Three titles. Eight playoff appearances. The unending love of a city.
David Ortiz accumulated all of these throughout fourteen years playing for the Boston Red Sox.
Many know him as the greatest designated hitter in the history of Major League Baseball, the man known lovingly by the city of Boston as Big Papi played his final game on October 10th, in front of a sellout home crowd. After two losses to the Cleveland Indians on the road, Red Sox fans who had been lucky enough to secure a ticket to the game began to file into Fenway Park as batting practice began at around four p.m. Some took the green line on the MBTA until they reached the Fenway stop. Some arrived from the south, parking near the stadium and walking up on Van Ness Street. And others walked from the north, crossing over the newly minted David Ortiz Bridge. They walked with a heavy heart, however, as they knew this could be the last time the bridge’s namesake suited up for the Red Sox.
LHS sophomore Jack Lowrey arrived at the game around 5 PM. “The atmosphere was very crazy,” he said, “and it only got crazier as the game continued.”
The air at Fenway was undeniably tense and only became more tense as the game went on. In the sixth inning, with the Red Sox down 4 to 1, Big Papi stepped up to the plate and unleashed a final bit of October magic, scoring longtime teammate Dustin Pedroia. His next at bat, with the Sox down one in the eighth inning, was a story Red Sox fans had seen many times before. He had delivered clutch at bats with his back against the ropes in the past- 2004, 2007, 2008, 2013. Fenway held its breath, ready to scream, as Papi awaited Cody Allen’s pitches.
This time, the Indians didn’t even open the storybook.
Allen walked Ortiz on four pitches in what turned out to be Big Papi’s final at-bat. As Marco Hernandez walked onto the field to replace Ortiz on the basepaths, Fenway stood up. The man Red Sox president John Henry once described as “the greatest clutch hitter in Red Sox history,” got one final curtain call, after he, for seemingly the first time in his career, failed to come up clutch. As he walked off the field, the air at Fenway suddenly became incredibly tense. The Sox, for once, had to turn to somebody other than Big Papi to deliver a hit just so the career of this legend could continue another day.
Hanley Ramirez flew out to end the inning the very next at-bat.
Following the game, some fans left right after the final out. But other Sox fans stayed after, even while the Indians celebrated in front of them. The sounds of celebration coming from the field, however, was quickly drowned out by the chants of “Pa-pi! Pa-pi!” coming from the crowd. This crowd needed David Ortiz one more time. And for the final time, he delivered.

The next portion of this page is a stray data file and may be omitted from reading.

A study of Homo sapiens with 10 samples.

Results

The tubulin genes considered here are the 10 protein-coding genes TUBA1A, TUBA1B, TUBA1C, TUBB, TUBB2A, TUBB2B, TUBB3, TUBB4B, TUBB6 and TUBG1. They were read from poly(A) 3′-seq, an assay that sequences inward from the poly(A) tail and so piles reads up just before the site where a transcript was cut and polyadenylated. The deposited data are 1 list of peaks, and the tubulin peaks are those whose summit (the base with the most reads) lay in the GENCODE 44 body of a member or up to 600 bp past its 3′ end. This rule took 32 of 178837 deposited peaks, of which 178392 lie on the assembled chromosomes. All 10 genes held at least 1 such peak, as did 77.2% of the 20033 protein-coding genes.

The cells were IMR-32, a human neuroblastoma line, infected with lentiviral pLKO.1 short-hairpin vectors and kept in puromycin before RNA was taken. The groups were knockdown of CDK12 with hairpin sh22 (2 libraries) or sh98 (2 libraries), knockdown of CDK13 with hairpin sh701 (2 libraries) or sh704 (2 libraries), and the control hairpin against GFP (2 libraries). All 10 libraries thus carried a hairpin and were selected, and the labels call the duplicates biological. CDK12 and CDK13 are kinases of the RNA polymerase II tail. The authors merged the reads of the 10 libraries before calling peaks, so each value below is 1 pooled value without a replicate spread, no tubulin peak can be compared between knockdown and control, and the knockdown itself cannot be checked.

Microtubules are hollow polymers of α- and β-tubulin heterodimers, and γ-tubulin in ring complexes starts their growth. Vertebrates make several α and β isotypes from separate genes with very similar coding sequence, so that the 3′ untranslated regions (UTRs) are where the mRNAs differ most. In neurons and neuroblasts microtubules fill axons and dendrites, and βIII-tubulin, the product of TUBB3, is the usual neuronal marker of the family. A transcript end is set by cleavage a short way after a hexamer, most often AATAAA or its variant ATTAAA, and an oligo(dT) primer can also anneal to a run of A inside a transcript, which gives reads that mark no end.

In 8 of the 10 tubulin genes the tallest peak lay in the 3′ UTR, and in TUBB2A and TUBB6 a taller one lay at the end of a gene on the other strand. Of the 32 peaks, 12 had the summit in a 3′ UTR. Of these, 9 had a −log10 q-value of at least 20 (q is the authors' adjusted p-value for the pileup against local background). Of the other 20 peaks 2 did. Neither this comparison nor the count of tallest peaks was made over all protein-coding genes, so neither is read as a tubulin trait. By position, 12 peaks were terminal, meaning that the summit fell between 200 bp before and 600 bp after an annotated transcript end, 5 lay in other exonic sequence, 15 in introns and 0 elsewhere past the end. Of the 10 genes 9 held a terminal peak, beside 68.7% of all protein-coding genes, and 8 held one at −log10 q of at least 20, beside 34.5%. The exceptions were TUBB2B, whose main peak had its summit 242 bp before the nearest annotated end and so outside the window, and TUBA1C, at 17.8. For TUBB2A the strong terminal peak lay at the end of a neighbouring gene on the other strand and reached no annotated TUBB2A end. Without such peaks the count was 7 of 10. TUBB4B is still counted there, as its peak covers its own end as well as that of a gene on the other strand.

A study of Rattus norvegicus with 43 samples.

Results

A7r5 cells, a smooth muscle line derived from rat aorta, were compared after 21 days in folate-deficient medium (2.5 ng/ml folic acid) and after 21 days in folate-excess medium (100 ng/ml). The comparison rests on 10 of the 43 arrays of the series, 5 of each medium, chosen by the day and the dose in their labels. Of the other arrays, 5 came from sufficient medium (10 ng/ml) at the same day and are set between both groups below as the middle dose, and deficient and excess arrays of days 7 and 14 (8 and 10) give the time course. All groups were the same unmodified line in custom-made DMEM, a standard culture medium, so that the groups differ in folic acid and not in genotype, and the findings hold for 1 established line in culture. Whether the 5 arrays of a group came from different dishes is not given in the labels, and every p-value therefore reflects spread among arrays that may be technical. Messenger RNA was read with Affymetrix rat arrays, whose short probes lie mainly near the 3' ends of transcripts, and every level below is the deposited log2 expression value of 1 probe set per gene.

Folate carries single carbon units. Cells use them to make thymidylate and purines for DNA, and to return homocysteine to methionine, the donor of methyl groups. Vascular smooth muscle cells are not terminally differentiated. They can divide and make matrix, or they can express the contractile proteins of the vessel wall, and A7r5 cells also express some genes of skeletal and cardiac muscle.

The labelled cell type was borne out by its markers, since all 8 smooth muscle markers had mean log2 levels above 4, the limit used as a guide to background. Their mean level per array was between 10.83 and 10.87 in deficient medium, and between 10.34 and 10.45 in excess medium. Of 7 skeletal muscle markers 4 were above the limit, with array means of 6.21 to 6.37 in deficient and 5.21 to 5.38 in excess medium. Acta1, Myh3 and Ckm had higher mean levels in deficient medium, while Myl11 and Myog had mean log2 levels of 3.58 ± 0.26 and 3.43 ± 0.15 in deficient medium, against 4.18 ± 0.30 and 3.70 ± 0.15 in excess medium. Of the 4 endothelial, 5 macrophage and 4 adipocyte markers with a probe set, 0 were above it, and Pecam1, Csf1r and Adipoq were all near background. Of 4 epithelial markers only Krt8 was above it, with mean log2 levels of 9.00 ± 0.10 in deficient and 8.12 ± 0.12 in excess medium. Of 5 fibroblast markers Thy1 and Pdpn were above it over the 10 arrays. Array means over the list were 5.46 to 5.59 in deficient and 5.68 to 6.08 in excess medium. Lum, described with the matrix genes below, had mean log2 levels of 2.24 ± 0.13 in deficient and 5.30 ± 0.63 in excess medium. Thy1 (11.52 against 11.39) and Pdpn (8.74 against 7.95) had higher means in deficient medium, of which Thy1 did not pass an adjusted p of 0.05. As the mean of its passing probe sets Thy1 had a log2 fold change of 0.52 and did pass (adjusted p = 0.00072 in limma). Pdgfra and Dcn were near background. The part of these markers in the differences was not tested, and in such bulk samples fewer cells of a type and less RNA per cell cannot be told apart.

As Cleveland ran into their clubhouse to celebrate, cameras suddenly started to gather around the home dugout. As more and more cameramen and women ran over, they began to move to the middle of the field. And in the middle of all of these cameras was David Ortiz. Surrounded by a gaggle of reporters and cameras, he walked to the middle of the field to the pitcher’s mound, as a wave of cheers hit Fenway.
It wasn’t just the fans at Fenway cheering for Ortiz. Other people took their time to thank Big Papi for his career. Seattle Mariners all-star outfielder Nelson Cruz posted a picture on Instagram with Ortiz, saying “Thank you for being an excellent example for me and the younger guys… Hopefully more of us follow in your footsteps.” Detroit Tigers all-star pitcher Justin Verlander also posted a photo, saying “Congratulations on such an amazing career! You will be missed by all but I will mostly miss our exchanges where it mattered most… between the chalk lines #thankspapi.”
Here at LHS, senior Tommy Beauchemin said “Although Big Papi’s retirement distracted the team from winning a bit, it was a nice way to go out.” Sophomore Mitchell Winsor said “Without a doubt, David Ortiz’s retirement impacted me more than any other star’s retirement.” Note that other sports legends Peyton Manning, Charles Woodson, Kobe Bryant, Tim Duncan and former Boston Celtic Kevin Garnett have all also retired within the year. Even noted Yankees fan McGovern Brown said “Even though I don’t like him, their hitting will not be nearly as good without him,” although he did not want to say much on the topic. Regardless, David Ortiz was a player who changed the history of the game and will be missed by all.
This story was written in October of 2016, shortly following David Ortiz’s retirement from the game of baseball. It was the first story I wrote that made it to print.